How to compress the golf ball
It’s one of the best feelings in golf: you’ve ripped through an iron shot, striking the ball first and removing some turf post-impact. It’s something tour players do time after time, but it’s not unattainable for the rest of us.
The main problem amateurs have is that they don’t trust the loft they’ve got in their hands and manipulate the club in an attempt to help the ball into the air. The intention can’t be faulted but all this will do is add loft and make it harder to strike the ball consistently. Oh, and this inefficient move will cost you some serious distance, too.
Tee peg pressure drill
If you look at the launch monitor data of a top player, most of them with an iron in hand will hit down on the ball by an amount somewhere in the region of four degrees. It’s this angle of attack that compresses the ball through impact, creating optimal launch conditions for the ideal flight. It’s also why they always look to be in total control. (That and because the players who are struggling don’t get any TV time.)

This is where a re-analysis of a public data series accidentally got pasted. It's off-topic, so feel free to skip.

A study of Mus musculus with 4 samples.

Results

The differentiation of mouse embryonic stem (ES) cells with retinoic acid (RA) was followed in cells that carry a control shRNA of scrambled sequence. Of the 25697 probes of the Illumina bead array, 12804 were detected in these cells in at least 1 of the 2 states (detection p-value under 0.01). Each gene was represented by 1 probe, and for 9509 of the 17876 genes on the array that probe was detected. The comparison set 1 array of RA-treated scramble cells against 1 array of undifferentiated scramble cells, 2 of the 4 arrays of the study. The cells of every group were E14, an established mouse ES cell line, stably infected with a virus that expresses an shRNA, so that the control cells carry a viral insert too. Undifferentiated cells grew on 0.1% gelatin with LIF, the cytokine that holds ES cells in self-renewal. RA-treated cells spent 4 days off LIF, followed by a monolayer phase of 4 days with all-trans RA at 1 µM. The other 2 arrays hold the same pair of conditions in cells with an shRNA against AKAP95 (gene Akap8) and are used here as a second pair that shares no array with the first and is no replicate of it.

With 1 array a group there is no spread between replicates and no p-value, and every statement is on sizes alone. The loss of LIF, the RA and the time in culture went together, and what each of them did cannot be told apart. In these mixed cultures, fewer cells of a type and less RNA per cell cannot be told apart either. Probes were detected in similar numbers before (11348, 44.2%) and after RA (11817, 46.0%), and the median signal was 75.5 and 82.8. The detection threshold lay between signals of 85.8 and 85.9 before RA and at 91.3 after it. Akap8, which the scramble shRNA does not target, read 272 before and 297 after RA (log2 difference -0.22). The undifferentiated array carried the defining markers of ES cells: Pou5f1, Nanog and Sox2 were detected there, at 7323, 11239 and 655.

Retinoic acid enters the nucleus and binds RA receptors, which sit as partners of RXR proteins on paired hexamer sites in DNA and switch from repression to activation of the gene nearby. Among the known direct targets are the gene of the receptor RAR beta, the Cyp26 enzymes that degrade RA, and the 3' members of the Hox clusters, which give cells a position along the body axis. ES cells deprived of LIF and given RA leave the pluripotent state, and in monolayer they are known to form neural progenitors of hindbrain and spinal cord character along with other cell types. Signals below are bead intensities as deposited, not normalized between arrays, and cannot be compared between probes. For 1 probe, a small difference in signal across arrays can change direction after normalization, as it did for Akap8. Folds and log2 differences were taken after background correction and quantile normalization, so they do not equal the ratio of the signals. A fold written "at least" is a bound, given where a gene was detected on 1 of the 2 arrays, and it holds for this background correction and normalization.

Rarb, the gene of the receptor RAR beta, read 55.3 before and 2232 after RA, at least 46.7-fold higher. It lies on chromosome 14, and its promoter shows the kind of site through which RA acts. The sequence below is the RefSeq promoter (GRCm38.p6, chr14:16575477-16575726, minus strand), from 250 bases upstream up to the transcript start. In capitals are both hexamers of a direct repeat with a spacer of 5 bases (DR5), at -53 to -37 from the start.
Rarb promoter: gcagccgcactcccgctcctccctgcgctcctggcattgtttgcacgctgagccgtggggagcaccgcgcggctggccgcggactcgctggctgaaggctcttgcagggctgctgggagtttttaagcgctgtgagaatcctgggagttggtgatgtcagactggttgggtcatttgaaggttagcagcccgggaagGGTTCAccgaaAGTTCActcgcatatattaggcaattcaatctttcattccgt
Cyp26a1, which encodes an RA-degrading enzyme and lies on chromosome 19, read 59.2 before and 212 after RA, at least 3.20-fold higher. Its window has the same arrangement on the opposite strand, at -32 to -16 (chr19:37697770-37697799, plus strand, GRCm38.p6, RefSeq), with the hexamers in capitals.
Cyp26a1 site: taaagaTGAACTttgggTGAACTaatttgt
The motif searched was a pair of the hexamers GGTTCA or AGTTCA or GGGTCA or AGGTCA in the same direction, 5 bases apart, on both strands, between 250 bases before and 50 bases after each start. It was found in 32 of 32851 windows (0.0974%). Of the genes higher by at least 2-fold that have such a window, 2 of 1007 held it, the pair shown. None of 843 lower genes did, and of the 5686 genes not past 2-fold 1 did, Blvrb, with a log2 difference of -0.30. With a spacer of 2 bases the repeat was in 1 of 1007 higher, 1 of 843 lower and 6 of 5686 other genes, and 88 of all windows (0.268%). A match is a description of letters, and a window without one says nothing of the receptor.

In contrast, a common trait among amateurs is that they release the angle in their lead wrist way too early, causing a scooping motion that adds loft, levels out the strike and results in a loss of distance and accuracy.
Obviously you don’t want to be thinking about the actual degree to which you are hitting down on the ball – that’s a one-way ticket to the madhouse – but this drill will help you create a feel that will stop the club bottoming out too soon.
Once you’ve done that, you’re going to manoeuvre yourself into the desired impact position. Not the one that’s gotten you to this point, but a new and far more efficient one that will have you compressing the ball with the best of them.
The downswing should work in a sequence, starting with the lower body. For that reason, you’re going to start by opening up the hips slightly before moving the hands forward. If done correctly, you should notice you’re putting a good amount of pressure into the tee with the clubhead.
Repeat whenever you practise, doing the drill five times before hitting each shot, and you’ll begin to ingrain the move needed to improve your ball striking. It’ll feel alien at first but in no time, you’ll be hitting your irons further and straighter than you have in years.